While the 5G race rages on, so does the race to be perceived as the technology leader in 5G. This race transcends companies, industries, regions, and even countries. No major country, be it the new power such as China or existing leaders such as the US and Europe, wants to be seen as laggard. In this global contest, 5G patents and IPR (Intellectual Property Rights) is the most visible battleground. With so many competing entities and interests, it indeed is hard to separate substance from noise. One profound truth prevails even with all the chaos: Quality of inventions always beats quantity.

The fierce competition to be the leader has made companies make substantial investments to innovate new technology as well as play a key role in standards development. Since the leadership battles are also fought in the public domain, the claims of leadership has been relegated to simplistic number counting, such as how many patents one has, or much worse, how many contributions one has submitted to the standards. In the past, there have been many reports dissecting these numbers in many ways and claiming one or the other company to be the leader.

The awakening – Quality matters

Fortunately, now there seems to be some realization of the perils of this simplistic approach to a complex issue. There have been reports recently about why the quality, not the quantity matters. For example, last month, the well known Japanese media house, Nikkei, published this story based on the analysis of Patent Result, a Tokyo-based research company. Even the Chair of the 3GPP RAN group, Mr. Balazs Bertenyi, published a blog highlighting how technology leadership is much beyond simple numbers.

Ills of contributions counting

One might ask, what’s wrong with number counting, after all, isn’t it simple and easy to understand? Well, simple is not always the best choice for complex issues. Let me illustrate this with a realistic example. One can easily create the illusion of technology leadership by creating a large number of standards contributions. The standards body 3GGP, being a member-run organization, has an open policy for contributions. As I explained in the first article of this “Demystifying cellular patents” series, there is a lot of opportunity to goose-up the number of contributions during the “bug-fix” stage when the standard is being finalized. Theoretically, any 3GPP member can make an unlimited number of contributions, as long as nobody opposes them. Since 3GPP is also a consensus-driven organization, its members are hesitant to oppose fellow member’s contributions, unless they are harmful. It’s an open question whether anybody has exploited this vulnerability. If one looks closely, they might find instances of this. Nonetheless, the possibility exists, and hence simply, the number of contributions can’t be an indicator for anything important, let alone technology leadership.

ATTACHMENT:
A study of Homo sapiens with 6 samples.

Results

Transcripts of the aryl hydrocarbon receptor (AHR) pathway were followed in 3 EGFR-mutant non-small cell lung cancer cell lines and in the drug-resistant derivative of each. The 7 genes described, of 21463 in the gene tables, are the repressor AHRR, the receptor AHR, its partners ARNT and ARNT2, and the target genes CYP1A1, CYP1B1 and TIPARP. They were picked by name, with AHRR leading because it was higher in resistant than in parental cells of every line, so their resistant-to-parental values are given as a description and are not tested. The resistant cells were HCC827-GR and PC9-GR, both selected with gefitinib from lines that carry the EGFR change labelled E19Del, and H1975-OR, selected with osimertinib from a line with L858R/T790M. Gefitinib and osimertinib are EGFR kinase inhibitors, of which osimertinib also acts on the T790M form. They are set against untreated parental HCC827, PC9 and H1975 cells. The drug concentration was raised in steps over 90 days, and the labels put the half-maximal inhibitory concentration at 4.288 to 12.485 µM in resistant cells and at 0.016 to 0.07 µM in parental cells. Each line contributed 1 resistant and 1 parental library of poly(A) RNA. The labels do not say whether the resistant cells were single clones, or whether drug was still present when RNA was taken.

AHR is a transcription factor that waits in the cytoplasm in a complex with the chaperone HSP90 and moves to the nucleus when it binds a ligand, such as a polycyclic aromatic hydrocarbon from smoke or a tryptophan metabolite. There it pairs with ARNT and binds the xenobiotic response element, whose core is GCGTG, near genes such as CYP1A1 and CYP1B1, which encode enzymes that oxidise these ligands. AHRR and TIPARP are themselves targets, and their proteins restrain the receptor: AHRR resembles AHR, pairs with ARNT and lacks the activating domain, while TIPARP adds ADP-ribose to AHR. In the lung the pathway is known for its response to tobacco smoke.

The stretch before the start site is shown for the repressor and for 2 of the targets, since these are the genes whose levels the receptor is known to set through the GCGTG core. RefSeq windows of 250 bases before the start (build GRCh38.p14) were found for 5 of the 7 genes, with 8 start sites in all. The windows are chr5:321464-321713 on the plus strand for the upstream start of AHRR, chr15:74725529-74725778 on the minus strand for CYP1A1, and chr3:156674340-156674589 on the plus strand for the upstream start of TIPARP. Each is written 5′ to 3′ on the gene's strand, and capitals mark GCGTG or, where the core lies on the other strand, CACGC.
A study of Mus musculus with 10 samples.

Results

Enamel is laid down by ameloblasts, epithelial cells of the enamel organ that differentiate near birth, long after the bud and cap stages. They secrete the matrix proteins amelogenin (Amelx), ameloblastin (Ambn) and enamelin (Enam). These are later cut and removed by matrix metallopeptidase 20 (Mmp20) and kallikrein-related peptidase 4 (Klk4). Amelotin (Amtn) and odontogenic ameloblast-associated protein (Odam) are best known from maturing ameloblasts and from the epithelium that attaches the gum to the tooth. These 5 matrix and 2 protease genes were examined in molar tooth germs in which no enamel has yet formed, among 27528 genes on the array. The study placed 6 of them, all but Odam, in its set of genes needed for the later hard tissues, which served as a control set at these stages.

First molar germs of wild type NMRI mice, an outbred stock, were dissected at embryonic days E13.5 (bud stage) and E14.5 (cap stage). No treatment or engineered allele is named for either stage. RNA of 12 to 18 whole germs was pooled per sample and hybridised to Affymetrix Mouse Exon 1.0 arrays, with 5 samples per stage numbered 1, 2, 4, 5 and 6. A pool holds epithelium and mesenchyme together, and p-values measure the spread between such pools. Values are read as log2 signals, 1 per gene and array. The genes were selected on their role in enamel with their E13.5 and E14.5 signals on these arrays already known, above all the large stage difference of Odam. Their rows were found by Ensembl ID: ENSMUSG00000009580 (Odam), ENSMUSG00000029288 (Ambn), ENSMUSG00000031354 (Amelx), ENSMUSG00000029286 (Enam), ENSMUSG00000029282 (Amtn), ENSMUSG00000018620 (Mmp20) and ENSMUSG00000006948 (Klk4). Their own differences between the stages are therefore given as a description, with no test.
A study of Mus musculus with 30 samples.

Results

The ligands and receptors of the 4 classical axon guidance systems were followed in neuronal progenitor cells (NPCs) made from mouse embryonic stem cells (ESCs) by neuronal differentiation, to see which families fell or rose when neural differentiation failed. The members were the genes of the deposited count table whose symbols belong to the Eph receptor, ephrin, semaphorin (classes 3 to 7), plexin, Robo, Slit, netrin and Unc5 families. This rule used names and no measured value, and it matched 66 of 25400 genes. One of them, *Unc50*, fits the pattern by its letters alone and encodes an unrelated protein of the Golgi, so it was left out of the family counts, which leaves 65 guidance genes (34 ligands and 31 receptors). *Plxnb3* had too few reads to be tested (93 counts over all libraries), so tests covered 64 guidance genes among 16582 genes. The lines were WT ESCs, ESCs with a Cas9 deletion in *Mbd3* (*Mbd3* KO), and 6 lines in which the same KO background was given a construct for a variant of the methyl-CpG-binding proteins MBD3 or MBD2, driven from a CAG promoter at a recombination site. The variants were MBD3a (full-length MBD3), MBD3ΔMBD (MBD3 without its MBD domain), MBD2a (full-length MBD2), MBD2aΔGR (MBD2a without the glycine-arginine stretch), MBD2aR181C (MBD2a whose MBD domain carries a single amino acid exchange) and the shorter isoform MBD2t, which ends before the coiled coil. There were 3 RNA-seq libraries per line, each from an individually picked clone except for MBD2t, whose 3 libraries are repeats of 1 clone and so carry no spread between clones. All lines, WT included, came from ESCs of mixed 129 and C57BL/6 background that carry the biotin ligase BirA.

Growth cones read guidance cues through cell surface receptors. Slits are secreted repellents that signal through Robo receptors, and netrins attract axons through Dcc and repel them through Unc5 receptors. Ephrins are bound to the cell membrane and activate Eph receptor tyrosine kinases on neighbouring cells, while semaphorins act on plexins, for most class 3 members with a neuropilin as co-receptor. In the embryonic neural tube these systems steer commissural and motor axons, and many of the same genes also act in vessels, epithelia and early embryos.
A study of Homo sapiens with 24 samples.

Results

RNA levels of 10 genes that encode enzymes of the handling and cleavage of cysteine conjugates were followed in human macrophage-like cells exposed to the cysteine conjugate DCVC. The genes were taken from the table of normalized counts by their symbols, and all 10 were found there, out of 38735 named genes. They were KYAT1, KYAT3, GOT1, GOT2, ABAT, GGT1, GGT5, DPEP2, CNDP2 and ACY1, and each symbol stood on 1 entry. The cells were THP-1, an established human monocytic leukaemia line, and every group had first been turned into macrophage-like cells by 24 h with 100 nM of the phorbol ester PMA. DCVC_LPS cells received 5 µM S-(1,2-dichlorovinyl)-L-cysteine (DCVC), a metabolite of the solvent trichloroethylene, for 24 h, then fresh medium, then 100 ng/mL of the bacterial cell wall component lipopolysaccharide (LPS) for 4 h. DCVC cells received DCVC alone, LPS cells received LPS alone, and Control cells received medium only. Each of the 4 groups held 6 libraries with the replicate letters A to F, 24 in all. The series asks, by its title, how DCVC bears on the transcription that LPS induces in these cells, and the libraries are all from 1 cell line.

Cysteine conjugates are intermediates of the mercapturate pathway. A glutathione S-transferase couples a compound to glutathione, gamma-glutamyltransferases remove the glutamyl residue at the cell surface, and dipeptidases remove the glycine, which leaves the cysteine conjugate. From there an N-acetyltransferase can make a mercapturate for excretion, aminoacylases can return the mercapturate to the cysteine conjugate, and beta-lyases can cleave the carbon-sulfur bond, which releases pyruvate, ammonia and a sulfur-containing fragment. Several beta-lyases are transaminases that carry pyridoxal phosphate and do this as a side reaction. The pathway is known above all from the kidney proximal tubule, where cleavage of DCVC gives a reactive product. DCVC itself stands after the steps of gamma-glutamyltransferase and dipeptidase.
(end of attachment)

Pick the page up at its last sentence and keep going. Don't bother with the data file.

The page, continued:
<<Side note: You can read all the articles in the series to understand the 3GPP standardization process here.>>

In his blog, Mr. Bertenyi says, “…In reality, flooding 3GPP standards meetings with contributions is extremely counterproductive...” It unnecessarily increases the workload on the standards working groups and extends the timelines, while reducing the focus on the contributions that really matter.

So what matters? Again, Mr. Bertenyi explains, “…The efficiency and success of the standards process are measured in output, not input. It is much more valuable to provide focused and well-scrutinized quality input, as this maximizes the chances of coming to high-quality technical agreements and results.

Contrasting quantity with quality

Another flawed approach is measuring technology prowess by counting the number of patents the company holds. Well, unlike mere contributions, the number of patents has some value. However, this number can’t be the only or meaningful measure for leadership. What matters is actually the specific technology those patents bring to the table. Meaning, how important they are to the core functioning of the system. The Nikkei article, which is based on Patent Result’s analysis, sheds light on this subject.

Patent Result did a detailed analysis of the patents filed in the U.S. by major technology companies, including Huawei, Intel, Nokia, Qualcomm, and many others. It assessed the quality of the patents according to a set of criteria, including originality, actual technological applications, and versatility. Their ranking based on the quality of patents was far different than that of the number of patents.

Some might ask, isn’t the SEP (Standard Essential Patent) designation supposed to separate the essential, i.e., important ones from non-important ones? Well, in 3GPP, SEP designation is a self-declaration. Because of that, there is ample scope for manipulation. This process is a major issue in itself, and a story for another day! So, if something is an SEP, it doesn’t necessarily mean it is valuable. In my previous article “All patents are not created equal,” I had compared and contrasted two SEPs in a car: one for the engine of the car and another for its fancy doors. While both are “essential” to make a car, the importance of the first is magnitudes higher than the second. On the same strain, you couldn’t call a company with a large number of “car-door” kinds of patents to be a leader over somebody who has fewer but more important “car-engine” level patents.

So, the bottom line is, when it comes to patents, quality beats quantity any day of the week, every time!